Afghan government and Taliban negotiators in Qatar have agreed to the principles and procedures that will guide the ongoing peace negotiations between them, Taliban and Afghan officials announced on Wednesday, an important move that could pave the way for talks that have been hobbled by disagreements for more than two months.
“The procedure including its preamble of the negotiation has been finalized,” Nader Nadery, a member of the government’s negotiating team, said on Twitter. Almost simultaneously, Mohammad Naeem, a spokesman for the Taliban, posted a nearly identical tweet written in Pashto.
Having resolved questions about how to conduct the talks, negotiators are likely to move on to focus on a political road map for both sides and a long-term, nationwide cease-fire.
The agreement comes after both sides were on the precipice of a breakthrough last month. Taliban and government negotiators had agreed in principle to roughly two dozen procedural points, Afghan officials said, but a concrete agreement was stonewalled by President Ashraf Ghani when he directed the government negotiating team to include at least one more condition: that the government be referred to by its formal name, the Islamic Republic of Afghanistan, in the guiding documents.
These types of details have broken down efforts to negotiate before. The Taliban’s past insistence on being referred to as the Islamic Emirate of Afghanistan — the name of their government when they were in power in the 1990s — derailed an effort at talks in 2013.
Officials said Mr. Ghani had most likely attempted to delay the talks in hopes that the incoming Biden administration would backtrack on the conyinuing U.S. troop withdrawal or alter its approach to overseeing the peace negotiations. Under President Trump, Afghan officials complained bitterly that they were excluded from U.S.-Taliban peace talks, and were bullied into parts of the process for political expediency.
In a statement Monday, Sediq Sediqqi, an Afghan presidential spokesman, rejected any such claims over the stalled negotiations, saying that Mr. Ghani is “steadfast in his resolve to make the peace talks succeed.” On Wednesday, Mr. Sediqqi said the Afghan president “welcomes the finalization of the negotiations procedures.”
How both sides settled their procedural disagreements is not exactly clear, but two Afghan officials familiar with the talks said that Wednesday’s agreement was reached without the inclusion of the Afghan government’s official name or mention of the Islamic Emirate in the documents.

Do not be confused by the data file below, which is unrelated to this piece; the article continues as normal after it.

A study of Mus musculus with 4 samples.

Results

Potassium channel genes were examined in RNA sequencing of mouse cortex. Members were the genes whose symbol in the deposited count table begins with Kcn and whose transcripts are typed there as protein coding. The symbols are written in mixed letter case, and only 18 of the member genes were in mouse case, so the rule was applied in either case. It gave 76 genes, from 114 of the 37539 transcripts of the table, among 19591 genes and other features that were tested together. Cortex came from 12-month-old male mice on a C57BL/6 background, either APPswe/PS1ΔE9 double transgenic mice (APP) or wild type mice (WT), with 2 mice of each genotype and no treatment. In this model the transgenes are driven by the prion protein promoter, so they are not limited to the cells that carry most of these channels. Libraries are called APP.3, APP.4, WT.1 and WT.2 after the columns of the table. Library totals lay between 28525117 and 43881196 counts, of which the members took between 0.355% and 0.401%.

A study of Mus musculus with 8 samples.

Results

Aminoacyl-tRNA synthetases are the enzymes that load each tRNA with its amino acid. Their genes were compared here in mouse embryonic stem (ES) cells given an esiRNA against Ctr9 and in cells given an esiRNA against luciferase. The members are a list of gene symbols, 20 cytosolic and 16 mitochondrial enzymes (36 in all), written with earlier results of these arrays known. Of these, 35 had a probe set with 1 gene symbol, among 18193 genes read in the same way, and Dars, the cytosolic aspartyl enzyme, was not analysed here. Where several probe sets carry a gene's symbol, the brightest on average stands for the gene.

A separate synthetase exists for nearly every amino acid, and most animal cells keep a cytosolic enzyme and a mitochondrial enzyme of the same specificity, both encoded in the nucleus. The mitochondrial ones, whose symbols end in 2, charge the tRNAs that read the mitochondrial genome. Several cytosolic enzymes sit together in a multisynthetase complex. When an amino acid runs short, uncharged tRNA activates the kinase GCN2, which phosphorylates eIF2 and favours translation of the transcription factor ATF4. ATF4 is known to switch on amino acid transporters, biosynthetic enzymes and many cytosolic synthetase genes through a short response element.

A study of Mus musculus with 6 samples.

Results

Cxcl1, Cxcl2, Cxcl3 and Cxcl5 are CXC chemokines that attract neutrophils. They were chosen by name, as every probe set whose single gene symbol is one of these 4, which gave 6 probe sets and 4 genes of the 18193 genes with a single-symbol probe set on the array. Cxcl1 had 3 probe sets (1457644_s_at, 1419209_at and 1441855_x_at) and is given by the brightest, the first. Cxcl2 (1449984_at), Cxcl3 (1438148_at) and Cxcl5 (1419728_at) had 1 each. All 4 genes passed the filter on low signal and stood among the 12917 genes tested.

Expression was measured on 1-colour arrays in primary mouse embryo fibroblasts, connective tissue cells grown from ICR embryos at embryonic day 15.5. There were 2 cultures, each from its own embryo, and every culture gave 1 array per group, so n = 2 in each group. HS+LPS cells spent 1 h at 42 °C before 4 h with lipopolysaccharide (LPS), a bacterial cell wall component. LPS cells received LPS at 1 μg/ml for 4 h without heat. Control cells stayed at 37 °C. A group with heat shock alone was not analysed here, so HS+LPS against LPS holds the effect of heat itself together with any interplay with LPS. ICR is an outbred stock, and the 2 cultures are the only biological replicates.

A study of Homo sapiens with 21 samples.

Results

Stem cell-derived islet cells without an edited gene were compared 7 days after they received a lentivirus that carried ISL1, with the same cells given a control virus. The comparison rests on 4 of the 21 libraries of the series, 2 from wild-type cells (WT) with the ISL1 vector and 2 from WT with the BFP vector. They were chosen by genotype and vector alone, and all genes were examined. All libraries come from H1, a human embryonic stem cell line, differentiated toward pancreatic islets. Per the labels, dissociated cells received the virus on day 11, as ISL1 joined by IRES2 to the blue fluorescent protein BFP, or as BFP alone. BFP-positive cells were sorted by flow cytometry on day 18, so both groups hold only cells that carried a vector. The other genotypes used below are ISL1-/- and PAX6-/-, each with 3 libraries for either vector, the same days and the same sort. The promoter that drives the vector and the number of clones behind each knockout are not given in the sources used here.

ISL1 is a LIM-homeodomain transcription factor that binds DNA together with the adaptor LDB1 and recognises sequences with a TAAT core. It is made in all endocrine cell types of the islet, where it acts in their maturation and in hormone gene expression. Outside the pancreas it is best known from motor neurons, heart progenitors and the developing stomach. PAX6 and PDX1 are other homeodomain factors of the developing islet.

The agreed-upon principles did resolve a reference to the Hanafi school of Islamic thought, one of the four major Sunni schools, which is also the foundation of the current Afghan Constitution. Initially, the two sides were at odds on a formulation that does not alienate other sects, particularly Afghanistan’s Shiite minority. The officials said that dispute was resolved in favor of the Afghan government’s approach and disagreements will be instead referred to a religious committee.
The inclusion of the Feb. 29 agreement between the Taliban and the U.S. government was another point of contention. That deal started the withdrawal of U.S. and NATO forces in exchange for counterterrorism pledges from the Taliban and the release of 5,000 Taliban prisoners.
The Afghan government balked at including the agreement in its arrangements with the Taliban, as the government was not a party to the deal. To resolve the issue, the February agreement is mentioned, but the guidelines included a nod to at least one other framing document, the officials said.
“As negotiations on a political road map and permanent cease-fire begin, we will work hard with all sides for serious reduction of violence and even a cease-fire during this period,” Zalmay Khalilzad, the U.S. special envoy for Afghan peace, wrote on Twitter on Wednesday, shortly after the announcement. “This is what the Afghan people want and deserve.”
The months of talks in Doha, Qatar’s capital, have been marked by near-constant violence in Afghanistan as the Taliban moved to take territory in the south and north before winter. At least 205 Afghan security forces and 196 civilians were killed as a result of the fighting in Afghanistan in November, according to data compiled by The New York Times.
Thomas Gibbons-Neff reported from Geneva, and Fatima Faizi reported from Kabul, Afghanistan.